11/27/2002 1:00AM

New York captain on steady course


OZONE PARK, N.Y. - Counter to the general trend throughout the country, business at the tracks operated by the New York Racing Association - Aqueduct, Belmont Park, and Saratoga - has been reasonably good. As he begins his third year as chairman of NYRA's board of trustees, Barry Schwartz points to the decision last year to reduce the takeout on wagering as a key element of this performance.

NYRA reduced the takeout on straight bets from 15 to 14 percent, went from 20 to 17.5 percent on multiple wagers, and from 25 to 20 percent on pick six days without a carryover.

The takeout reduction has led to a substantial boost in handle, Schwartz said, and the increase in handle prompted higher purses, further enhancing the quality of racing.

The NYRA signal is a highly prized commodity throughout the racing community, and Schwartz points out that 85 percent of the handle is generated offtrack.

"You have a situation where bad weather in the New York area may reduce the wagering at Aqueduct by a couple hundred-thousand dollars," he noted, "but the offtrack handle that day might be up by more than a million. People like to bet on our racing."

Schwartz thinks that a major challenge ahead for NYRA will be to seek ways to attract more people to the tracks for major events.

"People will respond for attractive programs," he said. "We had 100,000 out for the Belmont last spring and had huge crowds at Saratoga.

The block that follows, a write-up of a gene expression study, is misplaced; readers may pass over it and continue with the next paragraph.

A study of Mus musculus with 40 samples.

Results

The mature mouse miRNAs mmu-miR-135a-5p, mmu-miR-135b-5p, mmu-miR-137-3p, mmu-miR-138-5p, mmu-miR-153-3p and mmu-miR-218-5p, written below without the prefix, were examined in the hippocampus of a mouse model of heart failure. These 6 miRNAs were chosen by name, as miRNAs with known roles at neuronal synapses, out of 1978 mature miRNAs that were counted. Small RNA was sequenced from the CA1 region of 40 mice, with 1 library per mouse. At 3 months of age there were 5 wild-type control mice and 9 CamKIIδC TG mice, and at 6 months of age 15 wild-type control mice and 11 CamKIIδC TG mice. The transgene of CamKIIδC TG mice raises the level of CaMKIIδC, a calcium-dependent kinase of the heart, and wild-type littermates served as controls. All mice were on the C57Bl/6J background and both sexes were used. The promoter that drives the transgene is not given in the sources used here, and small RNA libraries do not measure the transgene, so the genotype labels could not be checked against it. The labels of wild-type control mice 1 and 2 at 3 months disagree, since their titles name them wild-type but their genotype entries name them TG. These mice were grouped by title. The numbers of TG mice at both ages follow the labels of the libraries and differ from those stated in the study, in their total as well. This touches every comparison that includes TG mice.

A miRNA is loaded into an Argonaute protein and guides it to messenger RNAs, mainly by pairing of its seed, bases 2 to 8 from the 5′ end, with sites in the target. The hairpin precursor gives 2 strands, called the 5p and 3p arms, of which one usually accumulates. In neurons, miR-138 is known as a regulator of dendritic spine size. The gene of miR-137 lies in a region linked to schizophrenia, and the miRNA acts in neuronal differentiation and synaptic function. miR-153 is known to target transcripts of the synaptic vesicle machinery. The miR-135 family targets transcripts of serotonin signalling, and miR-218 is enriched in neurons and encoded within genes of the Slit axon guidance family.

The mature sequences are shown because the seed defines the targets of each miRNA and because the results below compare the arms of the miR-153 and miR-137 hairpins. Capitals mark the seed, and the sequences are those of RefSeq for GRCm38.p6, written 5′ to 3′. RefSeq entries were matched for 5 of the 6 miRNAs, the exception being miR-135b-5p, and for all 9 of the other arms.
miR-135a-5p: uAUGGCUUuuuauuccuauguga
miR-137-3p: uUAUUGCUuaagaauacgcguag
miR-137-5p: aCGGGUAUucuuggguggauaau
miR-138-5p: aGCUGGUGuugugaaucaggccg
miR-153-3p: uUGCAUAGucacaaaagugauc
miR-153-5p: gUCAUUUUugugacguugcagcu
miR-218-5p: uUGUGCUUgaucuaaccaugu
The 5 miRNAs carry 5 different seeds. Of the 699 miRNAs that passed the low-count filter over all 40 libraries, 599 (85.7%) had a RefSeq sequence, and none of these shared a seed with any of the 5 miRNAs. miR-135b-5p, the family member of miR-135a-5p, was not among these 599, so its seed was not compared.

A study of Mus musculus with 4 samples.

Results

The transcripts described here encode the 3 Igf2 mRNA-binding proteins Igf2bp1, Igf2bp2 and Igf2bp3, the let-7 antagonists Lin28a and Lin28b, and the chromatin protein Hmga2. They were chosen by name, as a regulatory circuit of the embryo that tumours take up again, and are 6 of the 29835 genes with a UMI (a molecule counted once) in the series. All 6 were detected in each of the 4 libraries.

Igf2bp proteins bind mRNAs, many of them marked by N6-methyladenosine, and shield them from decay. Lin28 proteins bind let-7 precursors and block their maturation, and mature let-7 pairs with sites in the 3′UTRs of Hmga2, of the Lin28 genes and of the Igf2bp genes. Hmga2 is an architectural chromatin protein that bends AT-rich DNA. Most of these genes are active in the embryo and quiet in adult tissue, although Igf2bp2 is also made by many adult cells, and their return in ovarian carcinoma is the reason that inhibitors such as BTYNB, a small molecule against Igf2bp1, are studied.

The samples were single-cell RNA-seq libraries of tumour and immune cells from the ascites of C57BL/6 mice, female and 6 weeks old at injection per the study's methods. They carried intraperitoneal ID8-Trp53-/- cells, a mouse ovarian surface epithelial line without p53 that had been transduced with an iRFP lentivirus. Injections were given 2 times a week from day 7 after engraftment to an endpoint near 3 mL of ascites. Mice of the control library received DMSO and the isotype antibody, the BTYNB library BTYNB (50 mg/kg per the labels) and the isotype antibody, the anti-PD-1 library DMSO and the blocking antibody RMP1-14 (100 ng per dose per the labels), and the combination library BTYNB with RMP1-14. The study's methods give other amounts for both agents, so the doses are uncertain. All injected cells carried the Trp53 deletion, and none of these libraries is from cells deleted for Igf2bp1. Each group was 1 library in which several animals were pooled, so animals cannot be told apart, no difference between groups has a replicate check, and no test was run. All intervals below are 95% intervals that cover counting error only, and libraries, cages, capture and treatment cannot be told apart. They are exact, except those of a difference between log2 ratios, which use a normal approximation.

"We've got to create some of that Saratoga atmosphere at Belmont, and we've got to reach out for a wider group of people than we've targeted in the past."

He likes the work of the National Thoroughbred Racing Association in marketing racing on a national basis and believes the large increase in races televised across the country will help attract new fans.

Schwartz said he has an offer from Gov. George Pataki of New York for a five-year extension of the NYRA franchise, contingent on the opening of a video lottery terminal casino at Aqueduct by April 1.

"That is not possible," he pointed out. "From the time you break ground for that kind of facility until you are ready to open is a period of nine to 10 months."

Schwartz said another hurdle is determining how slots revenue will be divided. The percentage of revenue NYRA would get, 12 1/2 percent, is about 5 percent short of what is needed, he said.

"It can't be done for that figure, Schwartz said. "We've spoken to a lot of casino operators, and no one is interested at the price."

Schwartz hopes to continue talks with Gov. Pataki and the horsemen, seeking an additional 2 1/2 percent from each toward the introduction of slots at Aqueduct. He said VLT's at Aqueduct would generate a minimum of $300 million a year.

"This year we'll distribute about $116.5 million in purses," Schwartz said. "That is an increase of approximately $3 million over last season. With the slots in place we will be able to raise purses by something like $30 million."

Schwartz said he is continuing to seek the acquisition of the New York City Off-Track Betting Corporation for NYRA, although there is no movement on the issue at this time. He took note of New York City's effort to close a big gap in the annual budget and speculated that could provoke a resumption of talks.

On the subject of the pick six investigation, Schwartz said that news of the scam has served to put the entire industry on its toes to the inadequacy of the system as presently drawn. He emphasized that every weakness will be carefully addressed.

Schwartz's plate has been piled high with problems during his brief tenure, but he retains the enthusiasm for racing and love of horses that he brought to his post. For every crisis that presents itself, he is confident there is an acceptable solution, and he takes comfort that in dealing with all matters he has the services of a staff he terms extraordinary.